Rowan dances the night away at Pfleeger Concert Hall


Rhythm and music stole the show at Pfleeger Concert Hall on Saturday night. Six dance schools— locally owned by Rowan alumni— and a special performing group took the stage for its second annual Rowan Dance Festival, leaving the crowd wanting more.

Melanie Stewart, associate dean of the College of Performing Arts, was in charge of putting together this event.

“Last year we were honored by having a new dance facility built for our program and it seemed timely to bring our alumni back to celebrate the new space and the potential of dance in the future at Rowan and beyond,” Stewart said. “So, I thought about ‘who would I like to bring in the room?’ Well, everybody! So I designed a three-day festival.”

The festival consists of day one being strictly for high school dance students. About 60 students partook in a master class led by Paul Turner. Day two is the full dance festival day and the last day is the alumni-only master class also taught by Paul Turner, followed by a brunch.

Today’s Dance Center, Donna’s Dance Works, The Dance Class, Dance by Deborah Denote, and Fit to Dance were five out of the six dance schools that performed Saturday night during the festival, with a special guest group called News from the Soul: a live music and percussive dance company. They do everything from managing, performing, marketing, and even booking their own gigs!

“We are at most eight dancers and sometimes a band of five musicians, typically piano, guitar, bass, and then some instruments switching between bass and cello,” Leonardo Laval, a member of the group said. “We focus heavily on tap, but all dancers are trained in a lot of different styles like ballet, jazz, ballroom dance… Everyone is just super versatile.”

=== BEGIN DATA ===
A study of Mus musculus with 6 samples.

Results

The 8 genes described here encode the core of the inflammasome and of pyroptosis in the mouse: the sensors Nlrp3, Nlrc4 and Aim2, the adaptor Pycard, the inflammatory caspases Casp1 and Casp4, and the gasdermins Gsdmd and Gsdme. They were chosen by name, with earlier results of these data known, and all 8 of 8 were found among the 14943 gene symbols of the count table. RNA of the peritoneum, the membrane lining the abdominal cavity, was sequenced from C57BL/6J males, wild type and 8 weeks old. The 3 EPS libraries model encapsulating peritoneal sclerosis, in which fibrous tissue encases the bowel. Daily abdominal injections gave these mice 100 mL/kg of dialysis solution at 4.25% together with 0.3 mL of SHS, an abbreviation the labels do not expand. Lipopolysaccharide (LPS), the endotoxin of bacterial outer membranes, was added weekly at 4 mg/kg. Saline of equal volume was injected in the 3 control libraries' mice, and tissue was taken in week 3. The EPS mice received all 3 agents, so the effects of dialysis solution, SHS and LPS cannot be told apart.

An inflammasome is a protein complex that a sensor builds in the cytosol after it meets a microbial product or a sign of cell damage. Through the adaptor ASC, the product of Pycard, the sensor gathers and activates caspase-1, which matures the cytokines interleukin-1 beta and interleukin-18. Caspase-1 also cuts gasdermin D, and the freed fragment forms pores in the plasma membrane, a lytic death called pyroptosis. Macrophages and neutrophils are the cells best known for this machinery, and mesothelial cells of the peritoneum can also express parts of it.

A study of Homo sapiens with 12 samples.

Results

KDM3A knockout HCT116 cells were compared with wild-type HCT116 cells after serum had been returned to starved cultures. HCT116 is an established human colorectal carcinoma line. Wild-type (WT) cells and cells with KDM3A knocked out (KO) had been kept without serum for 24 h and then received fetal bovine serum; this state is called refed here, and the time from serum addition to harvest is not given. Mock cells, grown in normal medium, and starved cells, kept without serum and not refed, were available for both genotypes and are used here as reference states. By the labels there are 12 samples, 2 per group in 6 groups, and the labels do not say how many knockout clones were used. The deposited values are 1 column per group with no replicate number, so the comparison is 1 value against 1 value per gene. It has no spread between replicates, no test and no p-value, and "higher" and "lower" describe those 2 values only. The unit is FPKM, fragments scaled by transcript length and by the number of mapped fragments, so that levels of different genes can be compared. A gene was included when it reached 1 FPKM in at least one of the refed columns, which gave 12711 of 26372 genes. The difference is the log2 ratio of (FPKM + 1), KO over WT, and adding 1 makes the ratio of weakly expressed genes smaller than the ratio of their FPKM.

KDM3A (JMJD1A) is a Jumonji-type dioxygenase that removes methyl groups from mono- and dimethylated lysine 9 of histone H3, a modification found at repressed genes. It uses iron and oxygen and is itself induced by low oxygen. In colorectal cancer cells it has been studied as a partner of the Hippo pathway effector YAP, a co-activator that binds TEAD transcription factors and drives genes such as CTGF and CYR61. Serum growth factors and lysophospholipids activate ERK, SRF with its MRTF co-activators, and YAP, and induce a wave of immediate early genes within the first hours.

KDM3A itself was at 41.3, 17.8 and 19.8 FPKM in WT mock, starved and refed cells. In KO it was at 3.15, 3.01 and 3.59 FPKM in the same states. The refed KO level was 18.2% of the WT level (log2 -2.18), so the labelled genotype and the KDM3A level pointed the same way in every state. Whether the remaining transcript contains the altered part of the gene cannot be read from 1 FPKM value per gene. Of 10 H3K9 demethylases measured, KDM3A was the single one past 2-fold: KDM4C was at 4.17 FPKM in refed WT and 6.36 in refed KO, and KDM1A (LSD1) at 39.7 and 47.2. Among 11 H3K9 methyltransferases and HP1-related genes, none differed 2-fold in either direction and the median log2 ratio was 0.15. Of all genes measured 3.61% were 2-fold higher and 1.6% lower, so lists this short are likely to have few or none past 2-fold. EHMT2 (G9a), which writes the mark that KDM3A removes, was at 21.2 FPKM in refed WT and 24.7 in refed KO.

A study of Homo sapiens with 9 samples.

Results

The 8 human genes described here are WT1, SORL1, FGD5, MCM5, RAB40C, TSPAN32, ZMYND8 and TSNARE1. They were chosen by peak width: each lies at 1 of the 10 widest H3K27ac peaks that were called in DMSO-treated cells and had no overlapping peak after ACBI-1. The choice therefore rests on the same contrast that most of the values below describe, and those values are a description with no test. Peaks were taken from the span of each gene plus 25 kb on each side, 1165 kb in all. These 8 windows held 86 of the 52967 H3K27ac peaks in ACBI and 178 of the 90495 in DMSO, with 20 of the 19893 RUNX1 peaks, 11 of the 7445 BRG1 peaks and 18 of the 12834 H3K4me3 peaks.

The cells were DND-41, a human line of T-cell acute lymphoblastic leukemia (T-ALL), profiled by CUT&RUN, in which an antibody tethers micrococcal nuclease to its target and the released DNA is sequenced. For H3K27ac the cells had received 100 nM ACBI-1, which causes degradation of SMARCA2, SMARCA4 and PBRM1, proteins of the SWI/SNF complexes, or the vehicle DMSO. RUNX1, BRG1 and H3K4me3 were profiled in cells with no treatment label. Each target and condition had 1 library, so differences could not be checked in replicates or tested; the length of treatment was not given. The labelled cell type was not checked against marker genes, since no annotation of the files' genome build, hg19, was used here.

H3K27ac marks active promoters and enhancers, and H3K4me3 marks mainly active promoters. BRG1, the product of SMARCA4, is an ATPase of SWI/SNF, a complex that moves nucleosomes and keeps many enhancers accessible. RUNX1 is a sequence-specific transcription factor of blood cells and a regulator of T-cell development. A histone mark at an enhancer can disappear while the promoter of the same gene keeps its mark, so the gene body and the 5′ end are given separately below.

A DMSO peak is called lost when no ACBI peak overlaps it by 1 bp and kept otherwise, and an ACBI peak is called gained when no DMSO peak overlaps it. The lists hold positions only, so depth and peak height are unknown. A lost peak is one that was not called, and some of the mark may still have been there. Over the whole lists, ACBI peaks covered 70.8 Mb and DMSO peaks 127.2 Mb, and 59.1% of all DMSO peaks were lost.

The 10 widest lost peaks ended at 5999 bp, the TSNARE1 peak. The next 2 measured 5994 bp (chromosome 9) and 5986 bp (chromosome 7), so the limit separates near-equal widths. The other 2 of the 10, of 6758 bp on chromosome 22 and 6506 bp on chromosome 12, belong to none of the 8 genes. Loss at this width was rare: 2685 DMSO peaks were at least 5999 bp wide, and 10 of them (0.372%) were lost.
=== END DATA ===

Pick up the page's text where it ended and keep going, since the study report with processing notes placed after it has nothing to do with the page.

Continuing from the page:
After the performance, students were all smiles, as their parents and supporters praised them with flowers, love, and support.

“We’ve actually done this choreography before,” JJ Jennings, a performer, said. “We did it in last year’s showcase as well, so everybody this year coming into it had about two weeks to learn. It was about four hours in the studio of just blood, sweat, and tears. Some struggles were with the props. The brooms were the hardest because we had to practice a lot and the timing of everything because it was a cappella.”

Stewart was extremely happy with the outcome of the event that she built from the ground up. 

“Oh, my goodness. I’m just overwhelmed with gratitude and joy. I really do believe that our alumni speak for us in the community and they’re the reason that dance is thriving in the South Jersey area. We have one school in Pennsylvania but it’s regional right now, and hopefully, we’ll expand it in the future. It’s our second year so we’re excited for year three and so on… We’re gonna grow as capacity allows… We’re gonna try to invite more high schools and studios but we’re also going to be going out to communities. Our facility is going to go out into communities where our alumni are teaching and so we’ll bring them here or go out and get them,” Stewart said.

For comments/questions about this story DM us on Instagram @thewhitatrowan or emailthe.whit.arts@gmail.com.